The extract, transform and load (ETL) tools market is undergoing a transformation of its own, a study finds.
"Some of those were not really what you'd call ETL tools, but products you could use for ETL in a pinch," Howard said. "I wasn't limiting myself. I covered all sorts of data movement."
The term ETL used to refer to more batch-based data warehouse processes, he said, but these tools are used today to manage data within a variety of systems and applications. The report classified the tools by scale -- categorizing tools into five groups, from quick departmental jobs to enterprise-level deployment. The evaluation criteria included stability, support, fitness for purpose, architecture, performance, and ease of implementation and use. Howard was surprised at some of the trends he discovered.
Open source tools were more plentiful than expected, and Howard evaluated four in the report: Enhydra Octopus, CloverETL, and two different tools with similar names -- Kinetic Networks Inc.'s KETL tools and the Kettle project, which was recently acquired by open source business intelligence maker Pentaho Corp., based in Orlando, Fla.
There were also more tools aimed at developers, Howard said. In recent history, many ETL tool vendors focused on visual interfaces intended for less technical users. Developers have typically hand-coded data movement functions for small projects, he said, but with compliance and data quality concerns prevalent, the pendulum is swinging back toward the use of ETL-type tools for code generation.
"In the old days, when the ETL tools first appeared, a lot of them were code generators. Then things really moved to a black box environment. There seems to be a resurgence in code-generating solutions. There's a move away from hand coding and, outside of the Microsoft community, a big interest in Java and generating data movement which you can build into your own application," Howard said.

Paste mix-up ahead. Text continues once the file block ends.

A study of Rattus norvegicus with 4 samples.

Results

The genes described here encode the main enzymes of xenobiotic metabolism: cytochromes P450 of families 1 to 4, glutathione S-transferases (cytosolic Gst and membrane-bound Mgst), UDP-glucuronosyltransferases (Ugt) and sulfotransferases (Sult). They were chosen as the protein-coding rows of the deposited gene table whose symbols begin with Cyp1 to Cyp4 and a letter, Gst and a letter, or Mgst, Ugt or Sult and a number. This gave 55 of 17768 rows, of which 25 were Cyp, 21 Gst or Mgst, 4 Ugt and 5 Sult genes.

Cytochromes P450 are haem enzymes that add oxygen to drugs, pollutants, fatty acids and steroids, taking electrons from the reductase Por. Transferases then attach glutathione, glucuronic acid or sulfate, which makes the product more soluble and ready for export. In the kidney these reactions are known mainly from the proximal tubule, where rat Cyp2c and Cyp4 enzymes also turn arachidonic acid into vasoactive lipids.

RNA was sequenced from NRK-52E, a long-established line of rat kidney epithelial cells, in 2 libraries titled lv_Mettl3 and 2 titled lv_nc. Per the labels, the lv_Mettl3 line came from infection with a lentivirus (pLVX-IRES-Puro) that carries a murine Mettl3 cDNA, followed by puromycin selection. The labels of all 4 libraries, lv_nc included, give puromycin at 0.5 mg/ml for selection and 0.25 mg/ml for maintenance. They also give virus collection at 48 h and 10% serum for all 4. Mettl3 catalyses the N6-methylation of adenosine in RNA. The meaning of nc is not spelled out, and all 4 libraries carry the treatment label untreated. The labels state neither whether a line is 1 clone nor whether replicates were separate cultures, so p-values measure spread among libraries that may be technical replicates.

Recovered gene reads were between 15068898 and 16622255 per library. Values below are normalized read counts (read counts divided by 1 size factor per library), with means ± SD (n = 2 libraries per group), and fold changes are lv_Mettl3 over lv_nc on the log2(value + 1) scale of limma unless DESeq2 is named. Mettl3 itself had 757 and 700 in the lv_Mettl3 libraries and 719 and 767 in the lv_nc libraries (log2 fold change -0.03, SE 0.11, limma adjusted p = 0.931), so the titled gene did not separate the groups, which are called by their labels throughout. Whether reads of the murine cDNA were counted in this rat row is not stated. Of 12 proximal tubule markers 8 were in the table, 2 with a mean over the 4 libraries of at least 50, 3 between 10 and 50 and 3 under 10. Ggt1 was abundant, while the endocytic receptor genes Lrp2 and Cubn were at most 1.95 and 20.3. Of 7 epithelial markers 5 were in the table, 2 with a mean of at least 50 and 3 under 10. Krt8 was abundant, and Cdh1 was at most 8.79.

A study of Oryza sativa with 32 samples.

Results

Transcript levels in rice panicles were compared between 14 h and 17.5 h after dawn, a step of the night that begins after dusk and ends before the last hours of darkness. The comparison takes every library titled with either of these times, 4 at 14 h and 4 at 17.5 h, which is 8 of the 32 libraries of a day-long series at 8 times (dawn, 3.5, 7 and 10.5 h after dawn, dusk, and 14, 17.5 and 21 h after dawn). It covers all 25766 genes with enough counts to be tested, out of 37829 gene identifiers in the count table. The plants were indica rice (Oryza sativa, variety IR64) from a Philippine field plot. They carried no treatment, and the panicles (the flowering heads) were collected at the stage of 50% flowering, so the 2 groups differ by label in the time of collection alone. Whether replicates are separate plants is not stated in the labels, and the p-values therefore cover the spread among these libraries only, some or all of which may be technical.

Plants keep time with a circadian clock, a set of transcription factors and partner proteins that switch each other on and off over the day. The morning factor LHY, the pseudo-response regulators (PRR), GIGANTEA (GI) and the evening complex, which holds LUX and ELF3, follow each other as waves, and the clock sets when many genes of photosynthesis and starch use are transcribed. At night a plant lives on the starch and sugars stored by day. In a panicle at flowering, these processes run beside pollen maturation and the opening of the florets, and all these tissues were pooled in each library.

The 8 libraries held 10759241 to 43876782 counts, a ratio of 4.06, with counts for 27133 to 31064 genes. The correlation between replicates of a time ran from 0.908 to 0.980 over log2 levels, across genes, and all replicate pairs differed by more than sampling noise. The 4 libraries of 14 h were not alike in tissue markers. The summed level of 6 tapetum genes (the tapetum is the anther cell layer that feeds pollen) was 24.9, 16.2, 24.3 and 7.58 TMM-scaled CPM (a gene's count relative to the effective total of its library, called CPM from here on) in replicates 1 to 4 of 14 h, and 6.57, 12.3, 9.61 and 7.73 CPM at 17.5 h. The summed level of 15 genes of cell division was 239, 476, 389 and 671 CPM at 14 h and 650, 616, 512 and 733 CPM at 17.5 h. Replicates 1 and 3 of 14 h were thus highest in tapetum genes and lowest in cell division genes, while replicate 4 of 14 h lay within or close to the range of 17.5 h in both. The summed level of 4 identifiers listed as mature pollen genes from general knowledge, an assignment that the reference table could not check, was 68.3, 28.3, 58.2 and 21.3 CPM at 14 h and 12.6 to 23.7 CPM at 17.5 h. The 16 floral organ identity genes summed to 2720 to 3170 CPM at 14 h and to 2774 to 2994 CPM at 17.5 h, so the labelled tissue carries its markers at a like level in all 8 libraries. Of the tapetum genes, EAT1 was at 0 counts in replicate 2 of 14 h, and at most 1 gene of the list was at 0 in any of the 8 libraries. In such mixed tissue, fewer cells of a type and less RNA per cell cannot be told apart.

Other trends were less surprising, such as more support for moving and transforming unstructured data found in documents or Web pages, Howard said. ETL vendors are also incorporating data-quality functions, through development and acquisitions like Redwood City, Calif.-based Informatica Corp.'s purchase of Dublin data-quality vendor Similarity Systems and San Jose, Calif. and Paris-based Business Object SA's purchase of La Crosse, Wis.-based FirstLogic.
"[The ETL market] is changing. Historically, it was just ETL, but the leading vendors have all merged in data-quality capabilities and are also extending out to include EII [enterprise information integration] as well," Howard said.
Of the 40 tools evaluated, the overall winner was Informatica, according to Howard. Other leaders were Microsoft's and Oracle's ETL tools, which are "much better than they used to be," he added. Also of note were IBM, with its Ascential-based tools and Burlington, Mass.-based Sunopsis Inc., both of which fared well in Howard's evaluations. Business intelligence vendors such as Cary, N.C.-based SAS Institute and Business Objects also offer ETL tools, Howard said, though the latter is having more success with adoption outside its existing customer base.
ETL vendors will continue to play a leading role in data integration, Howard believes.
"I suspect that it's likely that some of the ETL vendors will start to play in the MDM [master data management] space as well," Howard predicted. "The bigger players are really broadening out their platforms."